WASHINGTON, Sept. 14 (UPI) -- Most Americans have very little idea of how poorly women are treated in much of the world.
Afghanistan's gender apartheid sparked a global effort to improve the lives of women there but, if we are serious about helping them -- and women elsewhere whose lives are only marginally better -- the United States should ratify the Convention on the Elimination of All Forms of Discrimination Against Women, which is pending in the Senate.
When we traveled on behalf of the World Bank, we were startled by the bleak status of women in many countries. We also saw small but significant improvements, nudged and nurtured by the United Nations international conferences on women that began in 1975 in Mexico City.
Adopted in 1979, CEDAW amounts to an international women's Bill of Rights and is another crucial catalyst for change. The treaty imposes no new laws but sets a standard for women's lives in civilized countries.
It provides a blueprint for "best practices" to curb abuses -- physical, legal or sexual. So far, 170 countries have ratified the treaty. But the United States is not among them.
Former President Jimmy Carter signed the CEDAW Treaty for the Rights of Women in 1980, but the Senate has yet to ratify it. Other former presidents -- Ronald Reagan, George H.W. Bush and Bill Clinton -- signed similar treaties on genocide, torture, race and civil and political rights.
The women's treaty, however, has been held hostage by political and religious extremists who, in our view, oppose giving women full partnership with men.
Their misleading arguments distort the treaty's intent and its impact. They oppose the momentous progress of U.S. women in the 20th century, seeking instead to keep them "protected" as second-class citizens. They apparently could not care less about the very real threats to women's lives worldwide from being held at the bottom of the economic and political ladder.
When the United States was formed, women had no right to vote. The catalyst for reform was the Women's Rights Convention, held in Seneca Falls, N.Y. in 1848.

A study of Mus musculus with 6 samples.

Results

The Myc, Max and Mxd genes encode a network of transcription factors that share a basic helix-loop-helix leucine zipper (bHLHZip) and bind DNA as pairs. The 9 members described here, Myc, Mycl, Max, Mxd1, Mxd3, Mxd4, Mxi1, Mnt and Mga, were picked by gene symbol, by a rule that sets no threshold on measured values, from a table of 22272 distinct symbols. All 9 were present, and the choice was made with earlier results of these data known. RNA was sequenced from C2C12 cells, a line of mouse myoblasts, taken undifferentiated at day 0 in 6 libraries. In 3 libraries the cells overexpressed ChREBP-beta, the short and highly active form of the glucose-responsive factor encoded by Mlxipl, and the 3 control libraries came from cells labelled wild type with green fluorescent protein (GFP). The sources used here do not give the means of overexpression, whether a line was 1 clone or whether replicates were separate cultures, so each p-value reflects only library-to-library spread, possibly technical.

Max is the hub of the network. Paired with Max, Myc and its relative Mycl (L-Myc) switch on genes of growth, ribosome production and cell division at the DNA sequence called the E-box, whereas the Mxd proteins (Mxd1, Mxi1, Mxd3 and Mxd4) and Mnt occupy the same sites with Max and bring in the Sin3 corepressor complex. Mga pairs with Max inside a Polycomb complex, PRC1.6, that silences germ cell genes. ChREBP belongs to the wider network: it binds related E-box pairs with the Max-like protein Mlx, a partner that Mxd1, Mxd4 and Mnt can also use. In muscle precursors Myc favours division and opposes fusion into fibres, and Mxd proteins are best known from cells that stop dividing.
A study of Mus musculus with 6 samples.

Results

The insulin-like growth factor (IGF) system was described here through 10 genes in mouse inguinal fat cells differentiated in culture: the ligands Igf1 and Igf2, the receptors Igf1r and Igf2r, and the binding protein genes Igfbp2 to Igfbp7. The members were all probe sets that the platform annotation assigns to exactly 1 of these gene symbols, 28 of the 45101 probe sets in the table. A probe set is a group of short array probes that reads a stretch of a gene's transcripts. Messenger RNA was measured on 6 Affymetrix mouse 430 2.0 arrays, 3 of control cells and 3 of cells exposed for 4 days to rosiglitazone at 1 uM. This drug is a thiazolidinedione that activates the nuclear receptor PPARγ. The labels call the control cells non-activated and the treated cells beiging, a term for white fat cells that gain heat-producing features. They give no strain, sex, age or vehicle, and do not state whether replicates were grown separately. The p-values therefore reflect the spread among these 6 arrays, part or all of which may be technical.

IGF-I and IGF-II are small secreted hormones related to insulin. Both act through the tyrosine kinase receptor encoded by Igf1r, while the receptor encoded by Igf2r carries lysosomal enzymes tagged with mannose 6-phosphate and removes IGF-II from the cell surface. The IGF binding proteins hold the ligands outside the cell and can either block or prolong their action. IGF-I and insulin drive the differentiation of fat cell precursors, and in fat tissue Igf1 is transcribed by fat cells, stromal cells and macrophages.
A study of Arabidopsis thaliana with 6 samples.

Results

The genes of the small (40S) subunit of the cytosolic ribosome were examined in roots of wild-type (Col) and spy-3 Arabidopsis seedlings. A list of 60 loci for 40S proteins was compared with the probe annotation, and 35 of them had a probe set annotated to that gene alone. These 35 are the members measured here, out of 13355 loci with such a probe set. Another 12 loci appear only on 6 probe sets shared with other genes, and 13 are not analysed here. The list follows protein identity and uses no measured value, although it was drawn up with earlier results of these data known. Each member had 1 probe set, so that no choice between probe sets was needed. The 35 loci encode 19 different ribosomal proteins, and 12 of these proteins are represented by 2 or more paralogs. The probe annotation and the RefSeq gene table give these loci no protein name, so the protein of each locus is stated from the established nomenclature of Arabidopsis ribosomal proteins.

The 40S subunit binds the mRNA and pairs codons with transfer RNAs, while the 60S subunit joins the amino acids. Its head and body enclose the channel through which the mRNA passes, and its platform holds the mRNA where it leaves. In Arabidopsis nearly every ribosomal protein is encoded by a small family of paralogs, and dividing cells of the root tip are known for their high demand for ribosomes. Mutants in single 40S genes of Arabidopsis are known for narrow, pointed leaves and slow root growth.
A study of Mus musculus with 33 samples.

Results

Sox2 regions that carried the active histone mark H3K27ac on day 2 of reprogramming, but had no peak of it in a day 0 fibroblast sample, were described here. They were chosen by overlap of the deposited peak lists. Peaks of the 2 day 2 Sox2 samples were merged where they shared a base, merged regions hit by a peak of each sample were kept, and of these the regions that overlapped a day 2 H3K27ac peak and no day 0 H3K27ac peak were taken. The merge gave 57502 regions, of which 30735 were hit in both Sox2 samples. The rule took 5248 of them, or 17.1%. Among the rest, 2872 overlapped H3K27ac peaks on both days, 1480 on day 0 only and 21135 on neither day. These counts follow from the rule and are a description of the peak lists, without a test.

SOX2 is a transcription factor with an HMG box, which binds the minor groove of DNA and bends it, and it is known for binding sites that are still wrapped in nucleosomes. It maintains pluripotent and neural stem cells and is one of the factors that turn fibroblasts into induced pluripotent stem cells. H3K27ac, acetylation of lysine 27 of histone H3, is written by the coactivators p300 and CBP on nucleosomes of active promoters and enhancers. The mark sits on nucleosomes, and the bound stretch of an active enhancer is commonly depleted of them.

Changes came when women won the federal right to vote in 1920, followed by improvements in the laws on inheritance rights, equal education and those that outlawed workplace discrimination.
Efforts by activists in the United States also focused on helping full-time homemakers, especially with regard to equal credit, pensions and other economic-security issues.
It is outrageous that we cannot share our insights on how all this happened within the key international body seeking to improve the status of women elsewhere.
The United States cannot take a seat on the 23-member CEDAW Committee, which reviews countries' periodic reports on their progress, because we have not ratified the treaty.
We find ourselves instead in the embarrassing company of such other treaty hold-outs as Afghanistan, Sudan, Somalia and Syria. Like them, we cannot credibly urge other countries to make good on their treaty commitments because we have not ratified the treaty ourselves.
The treaty is working to help women around the world. Although it cannot overrule any domestic law, it serves as a tool for change as women lobby their governments to rise to the CEDAW treaty standards.
In Colombia, Uganda and Costa Rica, for example, the treaty has sparked expanded legal protections against domestic violence. Israel increased funding for mammograms for older women. The Philippines set up new maternal and newborn health care programs.
Argentina, Mexico and Australia started health care programs for indigenous and migrant women. Germany, Guatemala, Poland, Portugal, Spain, the Philippines and Britain expanded maternity and childcare benefits.
More than 20 countries have passed laws improving women's legal rights. Zambia's Bill of Rights now bars sex discrimination. China and Tanzania gave women equal inheritance and property rights. In Botswana, courts cited the treaty in striking down a law that gave citizenship to children of men married to foreigners but not to those of women married to foreigners.
Much remains to be done. A strong U.S. voice and influence are badly needed to help halt sexual trafficking of women, to bring women into the economic mainstream and to ensure that all girls and women get access to education and health care comparable to men.
We have much to offer as dozens of new democracies look for guidance on how to bring women into the 21st century. We could work with other countries -- through the CEDAW committee, for instance -- to make women full economic and political contributors, if we were at the table.
The Senate Foreign Relations Committee voted favorably on the treaty in July. Its next stop is the Senate floor.
President George W. Bush needs to provide his leadership -- shown so strongly for the women in Afghanistan -- so that the United States can be a full partner in the effort to secure the basic human rights of women and girls everywhere.
As First Lady Laura Bush told a group of Afghan women this past summer, what happened to them violated international standards. She's right, and it is past time the United States formally embraced those standards.
-- Barber Conable is a former member of Congress from New York (1964-1984) and former president of the World Bank (1986-1991); Charlotte Conable is a long-time activist and writer on national and international women's issues.
-- "Outside View" commentaries are written for UPI by outside writers who specialize in a variety of important global issues.